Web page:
Primark says it will pay compensation to Bangladeshi victims

Rescue officials offer scant hope on finding further survivors as death toll reaches 385


Clothing chain Primark said it will pay an unspecified amount of compensation to the victims of the Bangladesh building collapse who worked for its supplier New Wave and urged other retailers to "come forward" and offer help.

Compensation will include long-term aid for children who have lost parents, financial aid for the injured and payments to parents of the deceased, the London-based company said today in a statement.

Primark said its supplier shared the building with other retailers and that the retailer is "fully aware of our responsibility."

The collapse of the eight-story Rana Plaza in Savar on April 24th killed at least 385 people in the nation's biggest industrial disaster.

Primark last week confirmed a supplier, Simple Approach, had contracted New Wave, which was on the second floor of the building on the day of the disaster, and said it was "shocked and deeply saddened" by the incident.

"We shall be reviewing our commitments constantly to ensure that they meet the needs of the victims as the tragedy continues to unfold," the retailer said in today's e-mailed statement. It has joined with a non-governmental organization to provide emergency food aid to families, it added.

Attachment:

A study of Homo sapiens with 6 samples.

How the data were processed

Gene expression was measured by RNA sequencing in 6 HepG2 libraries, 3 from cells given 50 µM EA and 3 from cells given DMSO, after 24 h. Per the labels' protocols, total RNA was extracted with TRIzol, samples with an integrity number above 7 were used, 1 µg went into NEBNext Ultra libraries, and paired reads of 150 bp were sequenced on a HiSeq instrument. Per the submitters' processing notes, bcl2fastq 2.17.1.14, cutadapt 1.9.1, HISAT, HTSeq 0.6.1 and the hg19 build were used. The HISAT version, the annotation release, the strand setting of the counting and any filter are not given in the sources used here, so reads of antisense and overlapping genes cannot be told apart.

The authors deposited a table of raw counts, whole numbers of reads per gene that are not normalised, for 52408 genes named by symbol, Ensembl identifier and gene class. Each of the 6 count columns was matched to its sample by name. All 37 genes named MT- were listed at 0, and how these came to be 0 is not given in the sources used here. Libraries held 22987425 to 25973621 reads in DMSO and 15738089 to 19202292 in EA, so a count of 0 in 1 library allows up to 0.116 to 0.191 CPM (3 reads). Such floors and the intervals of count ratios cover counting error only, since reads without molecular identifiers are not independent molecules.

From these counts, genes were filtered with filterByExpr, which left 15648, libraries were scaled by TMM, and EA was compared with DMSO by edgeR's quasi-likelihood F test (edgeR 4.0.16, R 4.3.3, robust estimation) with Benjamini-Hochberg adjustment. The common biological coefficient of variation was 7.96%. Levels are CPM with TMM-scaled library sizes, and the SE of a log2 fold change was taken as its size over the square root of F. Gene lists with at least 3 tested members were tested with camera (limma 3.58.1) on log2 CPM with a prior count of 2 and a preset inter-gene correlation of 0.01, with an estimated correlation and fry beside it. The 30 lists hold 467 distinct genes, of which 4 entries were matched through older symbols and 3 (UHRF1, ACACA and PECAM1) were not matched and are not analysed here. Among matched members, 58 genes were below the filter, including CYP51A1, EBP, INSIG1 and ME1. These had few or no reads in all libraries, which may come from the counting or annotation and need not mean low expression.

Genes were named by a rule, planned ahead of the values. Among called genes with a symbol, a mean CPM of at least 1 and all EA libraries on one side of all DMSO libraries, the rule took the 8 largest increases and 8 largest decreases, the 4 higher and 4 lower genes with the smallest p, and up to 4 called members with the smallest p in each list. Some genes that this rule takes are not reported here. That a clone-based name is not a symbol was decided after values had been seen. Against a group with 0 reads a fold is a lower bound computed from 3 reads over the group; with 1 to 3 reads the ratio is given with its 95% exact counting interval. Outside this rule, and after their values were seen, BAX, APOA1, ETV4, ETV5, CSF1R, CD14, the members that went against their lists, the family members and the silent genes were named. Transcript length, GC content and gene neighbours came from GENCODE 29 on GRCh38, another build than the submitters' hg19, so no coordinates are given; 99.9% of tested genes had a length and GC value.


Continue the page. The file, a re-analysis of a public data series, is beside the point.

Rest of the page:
Primark is one of at least five retailers whose products were made in the garment factory, including Loblaw Cos.' brand Joe Fresh, UK budget retailer Matalan, plus-size womenswear seller Bonmarche and Spanish department store El Corte Ingles.

Meanwhile, Bangladeshi lawyers and protesters shouted outside a court today as the owner of the factory building was led into court dressed in a helmet and bullet-proof jacket, witnesses said.

The drama came as rescue officials said they were unlikely to find more survivors in the rubble of the building that collapsed last Wednesday, burying hundreds of garment workers in the country’s worst ever industrial accident.

Heavy cranes were being used to lift huge concrete segments from the wreckage of Rana Plaza, where 385 people are now confirmed to have been killed. The building housed factories making clothes for western brands.

Eight people have been arrested - four factory bosses, two engineers and building owner Mohammed Sohel Rana and his father, Abdul Khalek. Police are looking for a fifth factory boss, David Mayor, who they say is a Spanish citizen.

Mr Rana, a local leader of the ruling Awami League’s youth front, was shown on television being brought to Dhaka in handcuffs after he was seized in the border town of Benapole by the elite Rapid Action Battalion following a four-day manhunt. He was arrested by police commandos yesterday, apparently trying to flee to India.

The court ordered that Mr Rana be held for 15 days “on remand” for interrogation. Mr Khalek, who officials said was named in documents as a legal owner of the building, was arrested in Dhaka today. Those being held face charges of faulty construction and causing unlawful death.

Death penalty

Bangladesh carries out the death penalty for murder and the most serious categories of manslaughter.

Hundreds of the mostly female workers who are thought to have been inside the building when it caved in still remain unaccounted for. A fire overnight further hampered the last desperate efforts to find survivors.